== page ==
Cryoablation, also known as cryotherapy, is an FDA-approved process of using extreme cold to damage and destroy diseased tissue, and has been adapted to several clinical applications.
This technique has been applied in prostate cancer, cancer of the kidneys, and in the treatment of non-cancerous growths and cardiac conditions.
Cryoablation may be used to as a treatment when cancers are otherwise considered inoperable and has been used in cases to relieve pain in bone metastasis, according to the Mayo Clinic.
During the treatment, cryoprobes – hollow, wand-like 17-gauge cryosurgical instruments which resemble a biopsy needle – are inserted percutaneously into the skin or placed adjacent to tissue which has been determined to be diseased. The probes are implanted without the need of an incision.
Pressurized thermally conductive gas, such as argon, is injected to freeze the offending tissue and the process lasts for about 10 minutes.
Thermal sensors are used to confirm the whole of the tumor has been frozen without destroying a significant number of healthy cells within the immediate vicinity.
Unlike cryopreservation, which is a technique of preserving fragile biological samples for prolonged cold storage, the targeted cancer cells are quickly frozen with the intent of rupturing the supporting structures of the cancer cell walls.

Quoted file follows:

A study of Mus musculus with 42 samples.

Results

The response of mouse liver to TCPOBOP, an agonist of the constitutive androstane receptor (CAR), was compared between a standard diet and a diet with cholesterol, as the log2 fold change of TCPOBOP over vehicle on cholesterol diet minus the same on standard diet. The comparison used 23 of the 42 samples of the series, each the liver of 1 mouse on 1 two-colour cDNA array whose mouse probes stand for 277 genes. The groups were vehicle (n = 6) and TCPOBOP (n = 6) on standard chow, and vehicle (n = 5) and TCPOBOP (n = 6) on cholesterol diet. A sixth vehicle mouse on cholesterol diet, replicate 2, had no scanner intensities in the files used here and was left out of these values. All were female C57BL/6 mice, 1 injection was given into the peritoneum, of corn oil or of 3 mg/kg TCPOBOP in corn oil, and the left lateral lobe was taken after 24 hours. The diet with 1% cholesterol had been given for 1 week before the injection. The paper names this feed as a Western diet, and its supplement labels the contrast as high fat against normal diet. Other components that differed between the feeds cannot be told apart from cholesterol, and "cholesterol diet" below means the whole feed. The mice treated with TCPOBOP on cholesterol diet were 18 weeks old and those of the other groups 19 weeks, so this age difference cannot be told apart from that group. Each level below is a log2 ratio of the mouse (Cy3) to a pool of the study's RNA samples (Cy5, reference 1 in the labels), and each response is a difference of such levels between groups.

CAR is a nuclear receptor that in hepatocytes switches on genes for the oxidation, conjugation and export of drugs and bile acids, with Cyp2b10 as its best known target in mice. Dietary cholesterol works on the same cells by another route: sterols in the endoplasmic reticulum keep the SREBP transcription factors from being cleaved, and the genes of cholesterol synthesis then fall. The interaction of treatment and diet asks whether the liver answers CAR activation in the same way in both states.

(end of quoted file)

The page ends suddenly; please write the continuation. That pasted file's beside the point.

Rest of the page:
As the gas is introduced, ice forms within the cells. Icy crystallization punctures through and tears open the barriers of the cell walls. After, the tissue is permitted to thaw and the process of freeze-thaw can be repeated.
Cryosurgical ablation provides a benefit to the patient as it is minimally invasive and less painful than traditional methods.
Results of the lung cancer cryoablation trial will be presented at the Society of Interventional Radiology’s 38th Annual Scientific Meeting in New Orleans.
The data confirms freezing can safety kill cancerous tumors which have metastasized to the lungs and prolong the lives of afflicted patients who otherwise have limited options.
Researchers led by Dr. David Woodrum, PhD – an interventional radiologist, an assistant professor of radiology at the Mayo Clinic in Rochester, Minnesota, and lead author of study, “Safety and Efficacy of Cryoablation for Metastatic Lung Tumors (ECLIPSE),” – evaluated the safety and efficacy of cryoablation in patients. Subjects used were patients with pulmonary metastatic disease, and had the presence of metastatic lung cancer – spread to the lungs from another primary cancer elsewhere in the body.
In the study, 22 subjects with a total of 36 tumors were treated with 27 cryoablation sessions by an interventional radiologist. The three month follow-up determined cryoablation was 100 percent effective in killing the tumors. A six-month follow-up revealed 5 of the 22 patients’ tumors were still dead.